Nova Scotia strawberry farmers are hoping this season’s bitterly cold winter will stub out a stubborn virus that is threatening the province’s $17-million per year industry.

The virus — the result of two known viruses combining into a new, complex form — is spread by the strawberry aphid. The strawberry aphid is a small, soft bodied insect that siphons plant sap.

The virus weakens plants to the point where the berries themselves are undesirably small, or the plant fails to produce berries altogether.

In response to the outbreak last year, farmers plowed under almost a third of Nova Scotia's productive strawberry fields that had been badly damaged.

In September, a survey of fields that had been newly planted with clean and disease-free plants found 25 per cent were infected with the yellow-edge virus and 15 per cent had the mottle virus.

“That is still a significant amount of disease. The pain isn't over, this isn't a one year fix,” said John Lewis,a horticulturist with the provincial Crown corporation Perennial.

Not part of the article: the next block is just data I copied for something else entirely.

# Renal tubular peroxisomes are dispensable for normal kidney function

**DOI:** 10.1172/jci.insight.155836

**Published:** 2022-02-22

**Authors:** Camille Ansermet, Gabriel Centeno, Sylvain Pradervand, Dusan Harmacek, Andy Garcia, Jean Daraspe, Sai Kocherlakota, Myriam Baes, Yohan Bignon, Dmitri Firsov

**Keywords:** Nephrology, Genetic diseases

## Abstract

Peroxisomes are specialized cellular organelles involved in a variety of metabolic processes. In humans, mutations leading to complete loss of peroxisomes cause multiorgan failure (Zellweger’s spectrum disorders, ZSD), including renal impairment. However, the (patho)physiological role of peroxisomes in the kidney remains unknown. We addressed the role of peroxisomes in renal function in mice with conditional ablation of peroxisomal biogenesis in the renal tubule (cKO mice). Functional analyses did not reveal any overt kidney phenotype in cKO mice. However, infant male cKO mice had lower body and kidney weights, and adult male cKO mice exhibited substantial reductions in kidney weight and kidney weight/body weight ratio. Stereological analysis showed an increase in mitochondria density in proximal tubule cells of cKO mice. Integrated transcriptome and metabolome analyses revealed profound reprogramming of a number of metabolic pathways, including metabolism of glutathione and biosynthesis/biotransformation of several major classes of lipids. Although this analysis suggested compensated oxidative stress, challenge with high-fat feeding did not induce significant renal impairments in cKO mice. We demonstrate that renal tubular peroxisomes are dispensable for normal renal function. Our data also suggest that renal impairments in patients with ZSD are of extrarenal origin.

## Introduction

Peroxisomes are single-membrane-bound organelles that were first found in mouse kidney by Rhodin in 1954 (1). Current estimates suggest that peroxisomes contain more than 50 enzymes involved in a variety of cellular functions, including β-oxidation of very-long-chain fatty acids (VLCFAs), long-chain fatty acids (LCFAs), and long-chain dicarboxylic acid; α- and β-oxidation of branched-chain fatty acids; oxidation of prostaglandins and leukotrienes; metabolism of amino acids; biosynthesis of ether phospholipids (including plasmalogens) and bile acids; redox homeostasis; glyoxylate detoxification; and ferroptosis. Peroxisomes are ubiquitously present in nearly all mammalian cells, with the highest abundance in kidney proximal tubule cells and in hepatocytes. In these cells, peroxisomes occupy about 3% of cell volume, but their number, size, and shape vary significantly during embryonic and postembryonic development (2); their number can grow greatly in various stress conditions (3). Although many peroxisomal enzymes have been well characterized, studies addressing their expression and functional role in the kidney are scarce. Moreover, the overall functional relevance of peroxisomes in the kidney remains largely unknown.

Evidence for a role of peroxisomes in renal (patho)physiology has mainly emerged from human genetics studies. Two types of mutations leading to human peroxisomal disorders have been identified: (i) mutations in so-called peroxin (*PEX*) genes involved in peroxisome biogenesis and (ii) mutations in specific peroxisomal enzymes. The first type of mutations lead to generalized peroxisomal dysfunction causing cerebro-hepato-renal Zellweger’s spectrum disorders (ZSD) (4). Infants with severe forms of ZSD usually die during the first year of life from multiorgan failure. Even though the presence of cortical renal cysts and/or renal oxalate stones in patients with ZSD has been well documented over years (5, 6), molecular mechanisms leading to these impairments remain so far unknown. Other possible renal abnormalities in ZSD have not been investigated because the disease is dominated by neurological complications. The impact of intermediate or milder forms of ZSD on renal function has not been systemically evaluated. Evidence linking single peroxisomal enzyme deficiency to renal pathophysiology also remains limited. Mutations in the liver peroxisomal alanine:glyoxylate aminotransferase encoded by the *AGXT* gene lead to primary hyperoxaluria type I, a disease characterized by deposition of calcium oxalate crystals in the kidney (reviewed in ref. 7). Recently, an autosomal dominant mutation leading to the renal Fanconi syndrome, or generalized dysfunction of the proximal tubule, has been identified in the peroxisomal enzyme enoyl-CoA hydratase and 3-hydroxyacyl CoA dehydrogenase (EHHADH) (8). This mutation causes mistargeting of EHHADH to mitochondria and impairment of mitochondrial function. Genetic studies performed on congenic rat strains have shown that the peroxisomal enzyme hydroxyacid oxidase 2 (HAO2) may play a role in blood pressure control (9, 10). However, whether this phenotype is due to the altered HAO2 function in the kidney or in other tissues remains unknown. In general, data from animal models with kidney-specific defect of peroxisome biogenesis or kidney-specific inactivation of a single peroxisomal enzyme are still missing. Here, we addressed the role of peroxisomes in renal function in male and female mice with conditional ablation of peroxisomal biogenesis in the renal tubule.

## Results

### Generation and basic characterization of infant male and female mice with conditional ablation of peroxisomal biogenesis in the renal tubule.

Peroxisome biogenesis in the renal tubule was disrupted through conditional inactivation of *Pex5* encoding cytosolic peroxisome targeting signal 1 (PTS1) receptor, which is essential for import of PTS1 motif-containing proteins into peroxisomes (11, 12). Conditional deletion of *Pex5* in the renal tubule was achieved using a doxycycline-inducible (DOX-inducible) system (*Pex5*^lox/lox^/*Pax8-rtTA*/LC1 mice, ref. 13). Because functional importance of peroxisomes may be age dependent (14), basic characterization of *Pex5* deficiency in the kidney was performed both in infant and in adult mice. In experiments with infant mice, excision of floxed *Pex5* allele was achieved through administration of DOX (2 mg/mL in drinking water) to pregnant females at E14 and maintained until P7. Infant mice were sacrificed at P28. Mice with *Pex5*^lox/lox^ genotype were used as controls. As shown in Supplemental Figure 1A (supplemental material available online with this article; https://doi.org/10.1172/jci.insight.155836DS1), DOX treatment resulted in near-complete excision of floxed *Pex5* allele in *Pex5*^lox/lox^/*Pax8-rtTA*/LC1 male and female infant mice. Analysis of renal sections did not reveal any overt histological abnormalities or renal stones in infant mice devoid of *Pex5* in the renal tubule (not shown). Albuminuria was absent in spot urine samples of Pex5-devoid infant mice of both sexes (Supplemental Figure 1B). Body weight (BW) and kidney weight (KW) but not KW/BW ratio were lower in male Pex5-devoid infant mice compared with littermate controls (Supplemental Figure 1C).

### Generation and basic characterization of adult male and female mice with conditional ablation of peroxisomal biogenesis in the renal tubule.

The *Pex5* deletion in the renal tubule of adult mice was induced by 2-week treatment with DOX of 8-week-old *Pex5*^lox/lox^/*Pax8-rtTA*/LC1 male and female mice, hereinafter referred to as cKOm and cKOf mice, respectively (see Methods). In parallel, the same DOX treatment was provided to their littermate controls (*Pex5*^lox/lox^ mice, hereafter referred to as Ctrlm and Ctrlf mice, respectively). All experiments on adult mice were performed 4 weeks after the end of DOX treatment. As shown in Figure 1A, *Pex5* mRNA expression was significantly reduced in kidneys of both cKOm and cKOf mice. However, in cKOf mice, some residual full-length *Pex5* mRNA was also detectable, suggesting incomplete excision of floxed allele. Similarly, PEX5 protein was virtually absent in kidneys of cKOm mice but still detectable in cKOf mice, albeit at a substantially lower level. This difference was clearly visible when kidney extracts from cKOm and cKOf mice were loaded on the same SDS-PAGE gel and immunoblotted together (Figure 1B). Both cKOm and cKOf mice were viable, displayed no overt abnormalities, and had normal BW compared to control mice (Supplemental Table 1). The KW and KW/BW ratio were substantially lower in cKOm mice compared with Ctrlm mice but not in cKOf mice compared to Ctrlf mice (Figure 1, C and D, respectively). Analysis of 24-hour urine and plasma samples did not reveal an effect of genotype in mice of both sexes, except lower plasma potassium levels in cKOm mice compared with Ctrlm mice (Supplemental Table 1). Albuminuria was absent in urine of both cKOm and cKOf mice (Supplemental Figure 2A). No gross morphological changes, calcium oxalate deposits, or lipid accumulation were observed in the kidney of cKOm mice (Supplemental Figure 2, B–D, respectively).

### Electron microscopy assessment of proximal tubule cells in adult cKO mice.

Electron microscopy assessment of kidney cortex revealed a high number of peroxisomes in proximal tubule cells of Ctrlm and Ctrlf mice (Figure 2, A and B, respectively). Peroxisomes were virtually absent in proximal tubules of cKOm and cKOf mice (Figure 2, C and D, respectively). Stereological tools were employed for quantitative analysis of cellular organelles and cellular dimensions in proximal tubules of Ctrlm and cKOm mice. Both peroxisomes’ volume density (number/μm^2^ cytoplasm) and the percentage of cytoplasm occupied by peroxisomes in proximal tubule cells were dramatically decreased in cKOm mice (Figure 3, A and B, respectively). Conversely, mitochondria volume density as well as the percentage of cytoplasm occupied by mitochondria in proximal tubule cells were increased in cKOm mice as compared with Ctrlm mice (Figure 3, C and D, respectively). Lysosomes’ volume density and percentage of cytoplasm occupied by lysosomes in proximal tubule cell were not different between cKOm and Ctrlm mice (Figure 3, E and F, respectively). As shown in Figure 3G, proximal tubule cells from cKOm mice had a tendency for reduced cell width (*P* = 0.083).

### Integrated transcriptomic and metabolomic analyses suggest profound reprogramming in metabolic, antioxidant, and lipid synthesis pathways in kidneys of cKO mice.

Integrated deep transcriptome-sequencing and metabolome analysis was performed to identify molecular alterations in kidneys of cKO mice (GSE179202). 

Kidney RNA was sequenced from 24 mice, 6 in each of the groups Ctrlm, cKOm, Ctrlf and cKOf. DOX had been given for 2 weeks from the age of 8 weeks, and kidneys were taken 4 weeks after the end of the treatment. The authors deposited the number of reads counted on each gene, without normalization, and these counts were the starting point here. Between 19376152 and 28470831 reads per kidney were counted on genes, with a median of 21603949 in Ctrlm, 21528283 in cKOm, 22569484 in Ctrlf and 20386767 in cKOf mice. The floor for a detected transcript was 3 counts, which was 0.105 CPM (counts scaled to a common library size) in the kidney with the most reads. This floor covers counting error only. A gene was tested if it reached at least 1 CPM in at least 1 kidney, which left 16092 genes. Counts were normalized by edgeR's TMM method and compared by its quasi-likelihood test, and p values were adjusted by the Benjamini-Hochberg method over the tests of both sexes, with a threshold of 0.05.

Lewis has presented the findings in four provinces and one U.S. state as the strawberry industry watches Nova Scotia respond to an epidemic that came out of nowhere.

The virus was long present in Nova Scotia at extremely low levels and only exploded recently along with the strawberry aphid that spreads the infection.

“We took it for granted that this was an issue that was long past for those that even remembered  it,” said Lewis.

Lewis speculates that pest-friendly conditions like climate change and a succession of mild winters, along with large farms were among the factors contributing to a “perfect storm.”

“The conditions were in place over the last three or four years for it to turn into an epidemic that  and once it gets going — that’s the nature of an epidemic — once it gets going it’s hard to stop,” he said.

In August, the Nova Scotia government announced it would provide up to $2.3 million in loans to help farmers. Some farmers were critical of the announcement, saying that was far to little to make a difference.

“We are making inroads here, we are making progress,” said Lewis.

Testing later this month will give scientists and farmers their first indication of what's ahead, including whether a brutally cold winter has knocked the aphid population down.